SkyActiv ups the efficiency of Mazdas
Last year, Mazda introduced its new SkyActiv technology. So what exactly is that? According to the company, it’s a complete nuts-and-bolts re-evaluation of the automobile as we know it, from stem to stern, and a new approach to engine management, suspension, steering, lightweight body construction, ergonomics, and performance. According to Mazda Canada executive vice-president Kory Koreeda, at least 80 percent of his company’s products will feature SkyActiv technology within about four years.
The first model out of the gate is the CX-5. Picking up where the Tribute left off, the CX-5 features its own platform and power train and is offered with two-wheel or all-wheel drive. There is but one engine choice: a 2.0-litre four-cylinder that develops 155 horsepower, and it features the highest compression ratio—13:1—in the industry for a gasoline-powered engine. It’s been designed with a view to efficiency, rather than performance.
One of the minor but important things Mazda engineers had to contend with to heighten the efficiency of this engine was move the air conditioner. Because one of the most important ingredients of a free-breathing engine is found in its exhaust system, Mazda designed a serpentine exhaust header that takes up a good deal of the engine bay. The A/C compressor had to be moved to accommodate it, and the catalytic converter for the car is actually housed within the exhaust header and not somewhere along the exhaust pipe. As well, the new SkyActiv engine has a plastic water pump impeller, as opposed to the traditional metal blades, to save weight and move engine coolant around more thoroughly, and lightweight Torx bolts everywhere, rather than the conventional hex nuts.
Two transmissions are available with the new CX-5: a six-speed manual and a six-speed automatic, and the AWD system is a purported 39 kilograms lighter than the one found in the CX-7.
Other engineering highlights include electric power steering taken from the RX-8, repositioned and redesigned rear suspension links, and an all-new body style. Mazda is calling this latter design a “leaping forward” concept, and the idea is to make the CX-5 appear more upscale. It still has a rather unnecessary side body seam, but at least the heavy-metal, happy-face, front-grille treatment is gone.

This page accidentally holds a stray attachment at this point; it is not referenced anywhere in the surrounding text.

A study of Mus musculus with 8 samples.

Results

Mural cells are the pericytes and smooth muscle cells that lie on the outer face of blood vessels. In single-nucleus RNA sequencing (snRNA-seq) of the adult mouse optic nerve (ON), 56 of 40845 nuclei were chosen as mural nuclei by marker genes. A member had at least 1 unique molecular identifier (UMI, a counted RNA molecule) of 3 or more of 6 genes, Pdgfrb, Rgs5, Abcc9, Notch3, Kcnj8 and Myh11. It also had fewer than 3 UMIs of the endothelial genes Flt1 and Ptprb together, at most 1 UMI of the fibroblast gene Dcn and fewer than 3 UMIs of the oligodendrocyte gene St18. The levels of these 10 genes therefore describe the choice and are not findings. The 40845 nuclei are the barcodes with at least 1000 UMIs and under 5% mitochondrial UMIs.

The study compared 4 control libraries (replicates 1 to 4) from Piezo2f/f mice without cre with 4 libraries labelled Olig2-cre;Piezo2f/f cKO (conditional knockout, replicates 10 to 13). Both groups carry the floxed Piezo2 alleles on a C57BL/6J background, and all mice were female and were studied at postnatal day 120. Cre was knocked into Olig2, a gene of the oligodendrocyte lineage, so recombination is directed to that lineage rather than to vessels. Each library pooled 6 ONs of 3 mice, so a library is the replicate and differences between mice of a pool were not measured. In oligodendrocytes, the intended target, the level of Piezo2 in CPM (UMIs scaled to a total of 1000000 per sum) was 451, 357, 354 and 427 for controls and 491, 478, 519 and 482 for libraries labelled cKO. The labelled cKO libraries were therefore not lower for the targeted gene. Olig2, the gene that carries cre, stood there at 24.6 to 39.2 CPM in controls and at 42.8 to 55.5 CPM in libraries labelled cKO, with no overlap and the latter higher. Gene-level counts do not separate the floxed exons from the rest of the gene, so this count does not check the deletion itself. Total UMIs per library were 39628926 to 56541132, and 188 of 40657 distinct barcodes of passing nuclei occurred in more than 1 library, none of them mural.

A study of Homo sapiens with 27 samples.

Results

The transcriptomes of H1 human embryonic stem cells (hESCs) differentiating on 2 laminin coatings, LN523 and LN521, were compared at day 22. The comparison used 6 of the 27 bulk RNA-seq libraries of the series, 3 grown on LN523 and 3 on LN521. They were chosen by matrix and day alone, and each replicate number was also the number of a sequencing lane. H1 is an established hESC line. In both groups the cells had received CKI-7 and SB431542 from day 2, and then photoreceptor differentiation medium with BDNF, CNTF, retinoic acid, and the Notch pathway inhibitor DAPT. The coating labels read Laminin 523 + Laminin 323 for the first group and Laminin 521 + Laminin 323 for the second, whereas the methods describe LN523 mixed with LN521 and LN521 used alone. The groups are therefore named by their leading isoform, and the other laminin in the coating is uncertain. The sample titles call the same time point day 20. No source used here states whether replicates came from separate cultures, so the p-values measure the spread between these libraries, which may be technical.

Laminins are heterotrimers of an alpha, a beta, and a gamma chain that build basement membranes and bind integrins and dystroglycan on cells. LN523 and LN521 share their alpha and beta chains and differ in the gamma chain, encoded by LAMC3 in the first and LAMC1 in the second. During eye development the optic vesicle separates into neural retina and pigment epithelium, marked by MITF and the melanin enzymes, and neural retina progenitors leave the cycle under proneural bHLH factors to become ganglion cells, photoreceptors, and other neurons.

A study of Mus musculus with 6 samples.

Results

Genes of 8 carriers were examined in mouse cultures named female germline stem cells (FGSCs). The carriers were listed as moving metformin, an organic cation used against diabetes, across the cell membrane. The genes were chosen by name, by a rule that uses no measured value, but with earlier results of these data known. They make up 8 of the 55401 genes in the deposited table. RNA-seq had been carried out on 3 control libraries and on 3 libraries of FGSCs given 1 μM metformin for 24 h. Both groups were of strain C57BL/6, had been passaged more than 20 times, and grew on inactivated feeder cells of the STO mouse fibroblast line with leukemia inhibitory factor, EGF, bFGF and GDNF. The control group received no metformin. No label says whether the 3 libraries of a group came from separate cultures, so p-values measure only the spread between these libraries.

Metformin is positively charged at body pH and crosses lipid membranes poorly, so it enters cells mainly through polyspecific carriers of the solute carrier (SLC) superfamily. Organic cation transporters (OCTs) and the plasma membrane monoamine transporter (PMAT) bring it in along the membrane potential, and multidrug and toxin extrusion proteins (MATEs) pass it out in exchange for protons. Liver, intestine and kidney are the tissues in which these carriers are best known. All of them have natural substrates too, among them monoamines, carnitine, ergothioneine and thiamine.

So how does all this come together? Aside from a bit of a power shortage, rather well, actually. I’ve had the chance to put plenty of kilometres on this particular test car, and also had the opportunity to take it around an autocross course. Time after time, the CX-5 exhibited one of the trademark signs of a good suspension setup: during tight high-speed corners, the right or left rear wheel would come off the ground without causing the vehicle to spin out of control off the track. Usually, this kind of manoeuvre results in an immediate loss of control, but not here. Nice.
I’d have to stick my neck out and say that this may be the best-handling compact SUV/CUV on the market. Certainly, it’s equal to the likes of the Volkswagen Tiguan or Audi Q5, and it’s remarkably precise and stable through the tightest of turns.
As well, the CX-5 is impressively quiet on the highway, with excellent NVH (noise, vibration, harshness) and minimal wind noise. I’d like it better if there was a bit more oomph in this engine, because when you reach for reserve power when overtaking an 18-wheeler or RV, well, there isn’t any. The new SkyActiv engine may deliver outstanding fuel economy—7.8 litres per 100 kilometres in town and 5.7 on the highway—but a powerhouse it ain’t.
The CX-5 is available now and comes in three trim levels: GX, GS, and GT. Standard equipment includes a traction control system, ABS, cruise control, push-button start, tilt/telescoping steering, steering-wheel-mounted controls, and a hill start assist program. As you climb through the model range, you can order things like a leather interior, heated front seats, a back-up camera, a navi system, and a power glass sunroof.
The compact SUV/CUV market is a big one in Canada. By 2015, over 300,000 units a year will be moved out of Canadian show rooms, and Mazda’s current SUV models—the CX-7 and CX-9—have doubled their sales volumes since 2010. The CX-5 will no doubt get its share of this market, and it’s a big step forward from its predecessor, the Tribute.